Thursday, 22 February 2007
By Print21

Fish out of water

Fish need water more than printers, so a Melbourne-based company decided to adopt a waterless printing process.

The simple action of turning off the printing press tap has made Fishprint a finalist in the Service Providers section of the 2006/07 savewater! Awards.

“Fishprint is over-the-moon about becoming a finalist,” said Peter Booth, director of Fishprint. “We claim to lead the way in sustainable printing and being nominated as a finalist in these awards really help to give our statements more credibility.”

The savewater! awards were established five years ago, and according to Nigel Finner, ceo have attracted an increasing number of entrants. “Each year the nominations become more impressive, people are becoming more creative when thinking about water usage and ways to better manage the resource,” he said.

Finner believes that all printers should move towards developing processes that consider the environment first. “Pretty soon, requests for environmentally responsible printing will be the norm,” he said. “Printers taking the lead will be well rewarded by an increasingly environmentally savvy business community.”

Ironing out the drips

A water recirculation unit has been installed in Complete Colour Printing’s production process.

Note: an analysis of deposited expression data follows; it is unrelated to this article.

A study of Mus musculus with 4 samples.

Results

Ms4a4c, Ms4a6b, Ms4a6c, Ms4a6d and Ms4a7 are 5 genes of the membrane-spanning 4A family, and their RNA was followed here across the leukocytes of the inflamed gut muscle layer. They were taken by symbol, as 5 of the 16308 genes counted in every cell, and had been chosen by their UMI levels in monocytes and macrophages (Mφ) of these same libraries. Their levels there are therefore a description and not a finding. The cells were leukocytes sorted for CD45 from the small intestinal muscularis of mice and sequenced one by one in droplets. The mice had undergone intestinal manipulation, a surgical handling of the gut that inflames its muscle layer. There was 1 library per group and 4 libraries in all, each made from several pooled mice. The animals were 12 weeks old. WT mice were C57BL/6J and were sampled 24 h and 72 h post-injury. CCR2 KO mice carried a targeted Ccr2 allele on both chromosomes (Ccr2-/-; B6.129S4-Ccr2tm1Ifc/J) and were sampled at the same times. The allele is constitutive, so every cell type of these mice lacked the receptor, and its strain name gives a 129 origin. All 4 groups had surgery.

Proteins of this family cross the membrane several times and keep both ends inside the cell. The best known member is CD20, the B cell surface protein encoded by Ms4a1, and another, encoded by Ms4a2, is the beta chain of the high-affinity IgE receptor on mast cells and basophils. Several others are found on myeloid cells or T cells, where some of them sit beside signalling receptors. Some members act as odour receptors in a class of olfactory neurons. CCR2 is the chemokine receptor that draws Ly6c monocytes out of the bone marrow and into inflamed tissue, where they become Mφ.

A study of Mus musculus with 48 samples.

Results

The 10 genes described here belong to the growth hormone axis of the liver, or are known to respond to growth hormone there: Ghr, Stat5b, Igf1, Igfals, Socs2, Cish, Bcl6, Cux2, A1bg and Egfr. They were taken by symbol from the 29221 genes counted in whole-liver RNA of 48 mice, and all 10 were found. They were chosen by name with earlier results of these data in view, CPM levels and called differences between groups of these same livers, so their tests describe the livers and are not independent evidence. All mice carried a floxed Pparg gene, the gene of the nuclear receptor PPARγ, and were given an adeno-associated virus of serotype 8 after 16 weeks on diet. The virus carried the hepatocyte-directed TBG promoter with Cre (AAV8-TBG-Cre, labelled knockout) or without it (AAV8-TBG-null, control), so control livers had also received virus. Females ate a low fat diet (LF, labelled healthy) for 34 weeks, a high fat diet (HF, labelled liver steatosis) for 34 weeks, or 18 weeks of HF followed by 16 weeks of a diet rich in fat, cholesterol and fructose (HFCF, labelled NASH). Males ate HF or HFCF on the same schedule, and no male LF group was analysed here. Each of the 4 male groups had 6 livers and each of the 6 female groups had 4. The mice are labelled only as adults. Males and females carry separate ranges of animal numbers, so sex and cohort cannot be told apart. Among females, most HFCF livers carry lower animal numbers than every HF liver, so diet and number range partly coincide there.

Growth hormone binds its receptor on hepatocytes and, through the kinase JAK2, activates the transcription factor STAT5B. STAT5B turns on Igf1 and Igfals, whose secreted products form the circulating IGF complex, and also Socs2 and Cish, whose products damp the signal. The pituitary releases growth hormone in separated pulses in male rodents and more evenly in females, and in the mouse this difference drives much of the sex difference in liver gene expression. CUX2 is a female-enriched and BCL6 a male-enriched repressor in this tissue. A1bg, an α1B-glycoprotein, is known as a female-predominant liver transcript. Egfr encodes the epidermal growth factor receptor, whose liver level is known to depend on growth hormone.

With a reservoir capacity of up to 120 litres and features including a pump that starts automatically and a semi automatic drainage system, this device now allows the company to reduce its water usage by 278,008 litres a year.

“As environmentally responsible printers, we are always actively searching for ways to reduce our impact upon the environment,” said Tim Michaelides, managing director of Complete Colour Printing.

Incorporated into the computer-to-plate production process, the water saver allows water to be recirculated or reused before new water is released for use within the process.


It might not make them money, but Jean-Pierre DeWaele (pictured), production manager said that the water recirculation unit was a small attempt to help the environment. “We made the decision to purchase the machine as an environmental step forward rather than a money-maker,” he said.